Just 11 more days to go before polling day on 31st May and the debate on the Fiscal Compact is certainly generating a lot of light and heat. Here’s a review of the past week.
The debate as to whether the Fiscal Compact will mandate more austerity continues, with the “no” side still maintaining that the reduction in the structural deficit from 3.5% in 2015 to 0.5% will mean a further €6bn of austerity. This is disputed by the “yes” camp and probably the most enlightening article during the week was Seamus Coffey’s setting out the numbers and challenging the “no” camp. The position on here tends to agree with the “yes” camp in that there will be an adjustment but it is likely that economic growth and reform will do the heavy lifting, and in any event, the existing rules require us to get to a structural deficit of 0.5% and it makes sense generally that in the long-term, we live within our means.
Citigroup came out on Friday last and said that even if Ireland rejects the Fiscal Compact ““we believe a second program would be forthcoming if requested, probably initially without private sector involvement unless the Irish government itself insisted that PSI is needed, which is unlikely in our view”
We did seem to get a straight answer from Minister Noonan during the week which confirmed that the EFSF would be available for new and additional loan applications up to June 2013.
The “yes” side comprise 80%-plus of the Dail so numbers alone indicate they will make the most gaffes, and this week there have been a few, from An Taoiseach Enda Kenny’s awkward encounters in Athlone, to Minister for Enterprise Jobs and Innovation Richard Bruton saying, and then retracting, that Ireland would vote again if the first referendum returned a “no” and we were faced with no other funding option, to Minister for Finance Michael Noonan whose “feta cheese” comments indicated a frivolousness and insensitivity to the economic situation in Greece and by implication overall, but that was probably unfair since the minister was talking to an international audience and he was trying to illustrate in simple terms the limited economic ties between Ireland and Greece. Several Independent TDs have yet to declare their position, notably Shane Ross and Mattie McGrath. Deputy Ross tried to introduce a Bill which would allow the referendum to be deferred but that was torpedoed by a Government seemingly obsessed with the notion of confidence and certainty. True to his word, Fianna Fail deputy, Eamon O’Cuiv has kept schtumm on his opposition to the Fiscal Compact but you can still read in detail his reasoning for his opposition here.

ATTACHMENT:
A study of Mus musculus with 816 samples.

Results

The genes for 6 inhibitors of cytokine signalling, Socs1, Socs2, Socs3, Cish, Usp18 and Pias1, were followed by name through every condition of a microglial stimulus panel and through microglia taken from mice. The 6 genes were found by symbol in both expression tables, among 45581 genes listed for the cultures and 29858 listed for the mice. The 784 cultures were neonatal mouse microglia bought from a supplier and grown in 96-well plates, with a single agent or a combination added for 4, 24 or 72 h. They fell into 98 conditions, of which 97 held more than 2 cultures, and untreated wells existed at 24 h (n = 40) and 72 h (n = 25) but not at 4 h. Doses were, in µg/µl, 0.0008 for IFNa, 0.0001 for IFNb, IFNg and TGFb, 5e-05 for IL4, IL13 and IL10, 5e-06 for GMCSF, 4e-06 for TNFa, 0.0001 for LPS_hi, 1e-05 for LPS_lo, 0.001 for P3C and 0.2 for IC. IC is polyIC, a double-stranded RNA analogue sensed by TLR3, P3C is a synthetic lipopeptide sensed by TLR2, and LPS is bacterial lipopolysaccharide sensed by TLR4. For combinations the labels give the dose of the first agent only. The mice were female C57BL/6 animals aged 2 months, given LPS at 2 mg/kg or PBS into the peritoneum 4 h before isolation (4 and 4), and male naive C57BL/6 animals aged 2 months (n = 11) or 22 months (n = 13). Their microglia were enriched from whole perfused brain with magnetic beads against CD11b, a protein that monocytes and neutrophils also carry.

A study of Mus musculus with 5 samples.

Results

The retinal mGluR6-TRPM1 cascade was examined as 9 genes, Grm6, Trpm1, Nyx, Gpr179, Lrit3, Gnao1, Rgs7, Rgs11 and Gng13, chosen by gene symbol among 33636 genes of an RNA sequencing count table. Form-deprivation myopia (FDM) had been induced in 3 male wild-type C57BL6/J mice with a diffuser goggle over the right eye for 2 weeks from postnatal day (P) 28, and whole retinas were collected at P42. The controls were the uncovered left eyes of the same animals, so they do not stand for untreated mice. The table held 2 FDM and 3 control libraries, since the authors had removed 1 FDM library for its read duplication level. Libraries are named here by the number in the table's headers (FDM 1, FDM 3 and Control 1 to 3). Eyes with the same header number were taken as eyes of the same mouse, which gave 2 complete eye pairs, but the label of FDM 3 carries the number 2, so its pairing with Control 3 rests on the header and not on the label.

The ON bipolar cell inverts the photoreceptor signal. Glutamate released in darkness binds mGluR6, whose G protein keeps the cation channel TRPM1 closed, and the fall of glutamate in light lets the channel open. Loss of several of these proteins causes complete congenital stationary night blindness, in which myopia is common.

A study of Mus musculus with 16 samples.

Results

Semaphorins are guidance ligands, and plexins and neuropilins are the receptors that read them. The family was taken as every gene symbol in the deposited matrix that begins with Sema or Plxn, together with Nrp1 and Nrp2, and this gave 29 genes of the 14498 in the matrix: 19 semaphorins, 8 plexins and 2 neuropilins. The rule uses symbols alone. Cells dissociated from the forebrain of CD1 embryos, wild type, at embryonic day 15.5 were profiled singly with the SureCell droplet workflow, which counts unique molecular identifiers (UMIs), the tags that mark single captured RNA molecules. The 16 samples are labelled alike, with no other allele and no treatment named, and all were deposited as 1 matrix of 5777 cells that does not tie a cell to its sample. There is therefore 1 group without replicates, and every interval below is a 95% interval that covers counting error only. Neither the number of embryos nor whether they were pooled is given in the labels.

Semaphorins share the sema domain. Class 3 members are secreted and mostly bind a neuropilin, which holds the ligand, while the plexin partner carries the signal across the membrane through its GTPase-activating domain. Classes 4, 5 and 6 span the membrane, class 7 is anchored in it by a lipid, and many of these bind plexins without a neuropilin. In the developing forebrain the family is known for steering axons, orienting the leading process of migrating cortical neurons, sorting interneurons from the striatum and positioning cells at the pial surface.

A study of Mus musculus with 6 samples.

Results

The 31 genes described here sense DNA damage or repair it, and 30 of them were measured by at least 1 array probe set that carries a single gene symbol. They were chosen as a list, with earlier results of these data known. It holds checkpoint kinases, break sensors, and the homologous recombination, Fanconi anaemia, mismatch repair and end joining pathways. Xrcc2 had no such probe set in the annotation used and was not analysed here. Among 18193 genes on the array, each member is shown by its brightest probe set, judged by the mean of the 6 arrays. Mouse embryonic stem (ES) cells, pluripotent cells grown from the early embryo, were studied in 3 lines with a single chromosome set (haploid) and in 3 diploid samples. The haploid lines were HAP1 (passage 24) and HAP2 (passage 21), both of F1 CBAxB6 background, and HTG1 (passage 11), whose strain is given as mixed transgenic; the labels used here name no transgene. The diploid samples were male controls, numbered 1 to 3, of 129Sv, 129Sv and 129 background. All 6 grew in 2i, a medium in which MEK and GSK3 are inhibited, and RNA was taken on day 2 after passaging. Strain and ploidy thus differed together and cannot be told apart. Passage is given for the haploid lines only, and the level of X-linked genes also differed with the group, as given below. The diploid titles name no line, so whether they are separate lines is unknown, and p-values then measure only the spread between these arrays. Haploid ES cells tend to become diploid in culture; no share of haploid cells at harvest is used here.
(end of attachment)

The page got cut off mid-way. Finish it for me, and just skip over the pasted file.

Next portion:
Last Sunday’s Red C poll certainly gave a boost to the “yes” side but two polls during the week, indicated a slight weakening in the “yes” vote though it still remains dominant. It is a curiosity on here that Red C does not count the “wont vote” category and it was indicated in last Friday’s Red C poll that “just under two thirds of the population (59%) claim they will definitely vote in the referendum at the end of this month.” So it would seem on here that there is still everything to play for with convincing the “undecideds” and “wont votes”. Red C’s Irish competitor, Millward Lansdowne Browne produced its own poll during the week which significant diverged from the Red C poll in indicating only 4% “wont vote” and 35% “undecided” compared with Red C’s 16%. Younger voters 18-24 appear to be most undecided. Here’s the history of polls
Paddy Power has gone on a roller coaster in its odds offered on the referendum outcome. Last Sunday it raised the odds of a “yes” from 8/15 to 1/5 and raised the odds even further during the week before reducing the odds back to 1/5 which is the present pricing.
The view from outside the Pressure Cooker
There is still little coverage internationally on the Irish referendum which is seen as a side show because the Fiscal Compact will come into effect once 12 of the 16 ratify it, and so far only Greece has fully ratified the Compact with Slovenia, Portugal and Poland having given parliamentary approval but are awaiting presidential assent. But that leaves 14 more EuroZone countries and seven EU non-EuroZone countries. A “no” vote in Ireland is still seen as contributing to a negative odour in Europe. Francois Hollande assumed power inFrance this week and seems to be maintaining his rhetoric in insisting on changes to the Fiscal Compact. Will Germany bend?
Declan Ganley and the Libertas Institute colourfully joined the campaign on Monday last, advocating a “no” vote and stealing limelight during the week with graphic posters and provocative debates. The Campaign against Household and Water Taxes advocated a “no” vote. The Dublin Chamber of Commerce and brother of Fine Gael’s referendum campaign director, Patrick Coveney advocates a “yes” vote as does any chamber throughout the country that I am aware of – the overwhelming majority of the business community expressing a view on the referendum continue to advocate a “yes” vote, which it claims will underpin confidence which will protect and attract investment.